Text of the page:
There’s an expansion of independent bakeries in Columbus, and the farmers markets are partly responsible, said local business owners and market organizers.
“The number of vendors offering baked goods has definitely grown over the years,” said Becky Church, Columbus Farmers Market chairwoman. “It is beneficial for the community for people who start small in their kitchens, move to the farmers market, then open their own business.”
Church said about a quarter of the market’s typical 100 regular vendors offer baked goods at the Saturday morning venue.
Among those vendors are Linda and Larry VanDeWege, who are set to open Naturalee Bakery at 903 Washington St. this month. When Linda VanDeWege realized local demand for gluten-free products, she couldn’t ignore it.
“Had it not been for the farmers market, we probably wouldn’t be doing this,” Linda VanDeWege said. “Originally, I knew there was interest in my granola, but I didn’t know the gluten-free products were in such demand.”
Opening a brick-and-mortar storefront has proven a bit more challenging than the VanDeWeges anticipated. Between operating their booth at the farmers market and finding the time, strength and energy to open their gluten-free bakery, Linda VanDeWege said it’s been an involved process.
“It’s a balancing act,” she said.
The farmers markets essentially serve as business incubators, said Cindy Frey, president of the Columbus Area Chamber of Commerce.
“People who have a notion to begin a business venture can test their products in a relatively safe environment that offers little risk,” Frey said. “Building a following is a great opportunity.”
The VanDeWeges aren’t the only proprietors who have recognized a need and are taking steps to fulfill customer demand year-round.
When Jay and Karen Cole purchased Gramz Bakery on Washington Street in July, they immediately had a vision of returning the business to a full-service bakery.
The Coles’ booth, The Hen House, had been a regular at the farmers market for more than a year, offering a variety of goat-based dairy products and free-range eggs. But Jay Cole said it was their nearly 15-year career running Cole Catering that fueled their interest in purchasing Gramz.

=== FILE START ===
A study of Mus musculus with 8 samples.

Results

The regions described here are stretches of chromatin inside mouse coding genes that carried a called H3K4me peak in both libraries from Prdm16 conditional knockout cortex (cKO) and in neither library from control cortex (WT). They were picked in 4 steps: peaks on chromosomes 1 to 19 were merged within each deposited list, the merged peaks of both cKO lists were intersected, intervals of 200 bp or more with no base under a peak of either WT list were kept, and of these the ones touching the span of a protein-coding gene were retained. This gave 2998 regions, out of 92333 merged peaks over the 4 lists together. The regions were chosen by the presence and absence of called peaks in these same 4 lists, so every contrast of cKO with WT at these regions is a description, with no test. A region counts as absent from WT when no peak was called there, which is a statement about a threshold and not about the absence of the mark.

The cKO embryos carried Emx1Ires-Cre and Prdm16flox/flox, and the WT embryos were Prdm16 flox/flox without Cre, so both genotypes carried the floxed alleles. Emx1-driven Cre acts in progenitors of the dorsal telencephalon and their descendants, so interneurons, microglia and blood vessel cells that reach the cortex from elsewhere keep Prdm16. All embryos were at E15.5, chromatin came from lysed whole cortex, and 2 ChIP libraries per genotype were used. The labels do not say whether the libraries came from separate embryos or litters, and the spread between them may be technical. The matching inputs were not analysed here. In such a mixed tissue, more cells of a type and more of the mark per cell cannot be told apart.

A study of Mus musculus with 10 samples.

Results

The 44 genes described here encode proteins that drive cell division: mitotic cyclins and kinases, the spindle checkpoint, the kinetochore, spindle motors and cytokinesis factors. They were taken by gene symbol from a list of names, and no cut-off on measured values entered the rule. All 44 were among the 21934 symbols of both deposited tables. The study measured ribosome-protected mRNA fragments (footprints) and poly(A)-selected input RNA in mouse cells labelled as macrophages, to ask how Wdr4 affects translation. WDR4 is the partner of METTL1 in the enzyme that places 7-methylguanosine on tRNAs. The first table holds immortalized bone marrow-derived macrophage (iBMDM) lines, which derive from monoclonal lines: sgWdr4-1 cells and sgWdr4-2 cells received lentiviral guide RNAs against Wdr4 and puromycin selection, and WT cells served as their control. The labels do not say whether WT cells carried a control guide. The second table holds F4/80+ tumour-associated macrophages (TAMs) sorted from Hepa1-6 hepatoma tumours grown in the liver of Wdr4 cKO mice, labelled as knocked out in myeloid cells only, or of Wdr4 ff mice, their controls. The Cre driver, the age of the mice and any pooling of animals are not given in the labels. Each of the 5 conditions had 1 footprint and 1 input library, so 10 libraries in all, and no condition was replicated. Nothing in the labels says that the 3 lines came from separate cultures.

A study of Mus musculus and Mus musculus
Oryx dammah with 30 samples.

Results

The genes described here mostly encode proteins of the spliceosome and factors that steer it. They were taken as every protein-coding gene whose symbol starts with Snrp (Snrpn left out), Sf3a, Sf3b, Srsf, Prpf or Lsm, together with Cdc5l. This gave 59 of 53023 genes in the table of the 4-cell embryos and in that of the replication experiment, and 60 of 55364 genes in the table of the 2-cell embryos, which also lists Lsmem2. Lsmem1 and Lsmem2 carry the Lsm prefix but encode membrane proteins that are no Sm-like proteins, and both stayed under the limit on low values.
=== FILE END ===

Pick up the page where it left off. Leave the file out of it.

“The biggest challenge is finding out the needs of the customers and meeting it,” Jay Cole said. “That’s what we’re investigating now.”
During the past month, the Coles have added a Starbucks-style coffee bar, including brewed coffees, lattes and espresso. But coffee isn’t the only new addition.
“We’ll be offering a breakfast line,” Jay Cole said. “We’re going to add homemade baked doughnuts and bagels.”
In time, Gramz will also serve a variety of specialty breads, cakes and pies, Jay Cole said.
But downtown isn’t the only area with rising bakery interest.
Joan Edwards, of Greenwood, opened Addison Bakehouse at 1702 Pennsylvania St. in July.
The former dental hygienist left her career in the medical field in 2011 to pursue her passion for baking. And she’s brought that passion back to her hometown.
“I am a firm believer that everyone needs an indulgence,” Edwards said. “If you splurge, you should do so on something that’s worth it.”
What makes the Addison Bakehouse stand out is it’s more than a bakery, Edwards said. In addition to delicious desserts, including caramel-brownie cheesecake and dark chocolate cake, the Addison offers a variety of lunch and dinner items.
“Everything on the menu is made from scratch, including the dressing soups, sides, main courses and desserts,” Edwards said.
Columbus is growing faster than the rest of the region when it comes to business; therefore, there’s more confidence here to take that leap, Frey said.
“We continue to see people starting new ventures, expanding or identifying Columbus as a market they want to expand into,” Frey said. “They see opportunities here.”